According to Alexandre Ganoczy's Calvin’s Life and Context, chapter 1 in The Cambridge Companion to John Calvin there is no scholarly consensus as to the extent of Calvin's involvement in Nicolas Cop's speech "made on the Feast of All Saints in 1533 at the opening of the academic year":
Who was behind this speech? Scholarly opinions differ. Some attribute
to Calvin merely an advisory role; others think that Calvin wrote the
speech himself; and others attribute to Cop, the Erasmian physician, a
time of private study and a competence in theology similar to the
young jurist. One thing is certain: Calvin felt solidarity with Cop
and was able to affirm his statements.
Ganoczy himself seems non-committal, as is Thomas J. Davis, Professor of Religious Studies at Indiana University. In John Calvin, he writes
Historical evidence is ambiguous as to the authorship of Cop’s
address. Some think Calvin wrote it, or at least had a hand in writing
Also in The Cambridge Companion to John Calvin, Wulfert de Greef in chapter 3, Calvin's Writings , is of the opinion that:
Calvin was involved in drawing up Cop’s address.
De Greef does not give any reasons for his conclusion, but a more complete account can be found in Calvin: A Biography by French scholar Bernard Cottret. He is of the opinion that, while the question remains "open", Calvin probably did not write the speech but he
participated in its writing and...he even exercised a friendly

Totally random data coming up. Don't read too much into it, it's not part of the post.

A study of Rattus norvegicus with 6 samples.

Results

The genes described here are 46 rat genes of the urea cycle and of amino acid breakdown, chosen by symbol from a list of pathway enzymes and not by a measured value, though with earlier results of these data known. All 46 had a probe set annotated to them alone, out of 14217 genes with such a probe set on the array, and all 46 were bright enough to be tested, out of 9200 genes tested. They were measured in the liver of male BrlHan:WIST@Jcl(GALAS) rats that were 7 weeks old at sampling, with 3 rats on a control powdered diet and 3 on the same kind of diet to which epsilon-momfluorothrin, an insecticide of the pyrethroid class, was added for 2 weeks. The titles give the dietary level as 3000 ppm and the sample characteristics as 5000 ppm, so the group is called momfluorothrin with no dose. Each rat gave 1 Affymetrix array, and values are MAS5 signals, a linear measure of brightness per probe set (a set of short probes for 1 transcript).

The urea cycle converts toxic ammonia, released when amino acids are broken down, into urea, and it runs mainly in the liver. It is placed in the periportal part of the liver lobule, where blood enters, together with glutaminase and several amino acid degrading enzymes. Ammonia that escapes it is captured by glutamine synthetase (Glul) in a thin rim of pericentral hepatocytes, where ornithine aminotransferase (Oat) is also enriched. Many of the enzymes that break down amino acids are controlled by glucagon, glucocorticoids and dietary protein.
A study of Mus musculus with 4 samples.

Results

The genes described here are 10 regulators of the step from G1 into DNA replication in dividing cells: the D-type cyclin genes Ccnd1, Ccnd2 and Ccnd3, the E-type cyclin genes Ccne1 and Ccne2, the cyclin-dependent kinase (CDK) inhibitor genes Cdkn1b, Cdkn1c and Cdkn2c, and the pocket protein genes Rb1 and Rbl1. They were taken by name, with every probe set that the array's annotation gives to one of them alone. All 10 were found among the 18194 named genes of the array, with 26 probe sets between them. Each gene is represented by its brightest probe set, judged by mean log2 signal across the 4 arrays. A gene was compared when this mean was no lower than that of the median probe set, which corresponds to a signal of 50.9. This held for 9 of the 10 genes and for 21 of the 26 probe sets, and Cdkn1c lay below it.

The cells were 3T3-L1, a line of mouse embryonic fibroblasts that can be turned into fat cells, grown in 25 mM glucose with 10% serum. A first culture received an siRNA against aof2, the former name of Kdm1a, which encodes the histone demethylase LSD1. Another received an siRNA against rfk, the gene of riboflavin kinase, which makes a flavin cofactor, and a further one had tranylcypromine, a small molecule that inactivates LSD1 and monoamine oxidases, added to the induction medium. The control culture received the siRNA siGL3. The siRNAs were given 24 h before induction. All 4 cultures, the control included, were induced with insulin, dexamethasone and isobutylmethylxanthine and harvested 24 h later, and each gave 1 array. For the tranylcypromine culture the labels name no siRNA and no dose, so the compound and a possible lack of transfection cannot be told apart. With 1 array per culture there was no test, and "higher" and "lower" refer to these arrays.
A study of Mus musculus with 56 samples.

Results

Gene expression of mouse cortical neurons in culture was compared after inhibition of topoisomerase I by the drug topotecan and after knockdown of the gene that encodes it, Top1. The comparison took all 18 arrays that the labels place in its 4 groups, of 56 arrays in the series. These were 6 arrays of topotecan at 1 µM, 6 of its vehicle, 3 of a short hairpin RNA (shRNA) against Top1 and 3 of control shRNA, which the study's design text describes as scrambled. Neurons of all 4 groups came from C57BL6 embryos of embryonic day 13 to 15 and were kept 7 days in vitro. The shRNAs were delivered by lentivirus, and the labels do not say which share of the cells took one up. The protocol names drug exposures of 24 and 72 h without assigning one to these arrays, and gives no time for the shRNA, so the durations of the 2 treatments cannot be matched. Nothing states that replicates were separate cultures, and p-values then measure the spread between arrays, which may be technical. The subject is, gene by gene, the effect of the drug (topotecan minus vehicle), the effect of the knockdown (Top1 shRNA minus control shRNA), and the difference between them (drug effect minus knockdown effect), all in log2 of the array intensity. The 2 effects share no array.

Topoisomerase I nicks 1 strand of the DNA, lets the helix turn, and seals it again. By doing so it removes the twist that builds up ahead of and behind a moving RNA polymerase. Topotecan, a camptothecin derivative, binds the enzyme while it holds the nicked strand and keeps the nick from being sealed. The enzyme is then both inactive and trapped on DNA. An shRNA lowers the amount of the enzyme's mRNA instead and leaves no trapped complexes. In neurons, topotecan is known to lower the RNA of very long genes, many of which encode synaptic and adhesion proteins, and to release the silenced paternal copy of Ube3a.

influence over Cop...
In arriving at this view, Cottret notes that
Various intriguing indications show clearly Calvin's involvement at
Nicolas Cop's side. A fragment of this text in Calvin's own hand
exists in Geneva, while the complete version, corrected by Cop, was
henceforth located in Strasbourg.
In a footnote, Cottret adds:
It is probable, moreover, that the two known manuscripts are
themselves copies of an original draft of the text.
Calvin's friendship with Cop certainly did him no favours in the eyes of the opposition. After the speech, Calvin's room was searched by the authorities, who also took his papers, but the backlash from conservatives was not aimed only at him, and nor was it entirely to do with Cop's speech. Ganoczy again:
...the reaction of the opposition affected Calvin exactly as it did the
university rector: both found themselves in that constantly shifting
middle ground of loyalty to the church and a desire for reform. In the
eyes of the Sorbonne occupying middle ground still meant schism and
heresy. This radically conservative group was successful in regaining
the confidence of the king by December, 1533. He ordered the
extermination of the “damned Lutheran sects.”
The king referred to is Francis I (1515-47) who was initially relatively tolerant of Protestantism despite pressure from pope Clement VII in August 1533 to take action against "the Lutheran heresy and other sects infesting this kingdom". The pressure and incentives to take action increased, though, as Francis was also vying with the Holy Roman Emperor Charles V for the pope's favour in achieving "Christian unity". The French king, after meeting the Pope on the 10th of November in Marseilles, was able to proclaim a "diplomatic victory".
It wasn't until an unrelated incident in 1534 (see Affair of the Placards) that Calvin was forced to flee France altogether (note that Sproul is mistaken: Calvin did not flee France because of Cop's speech).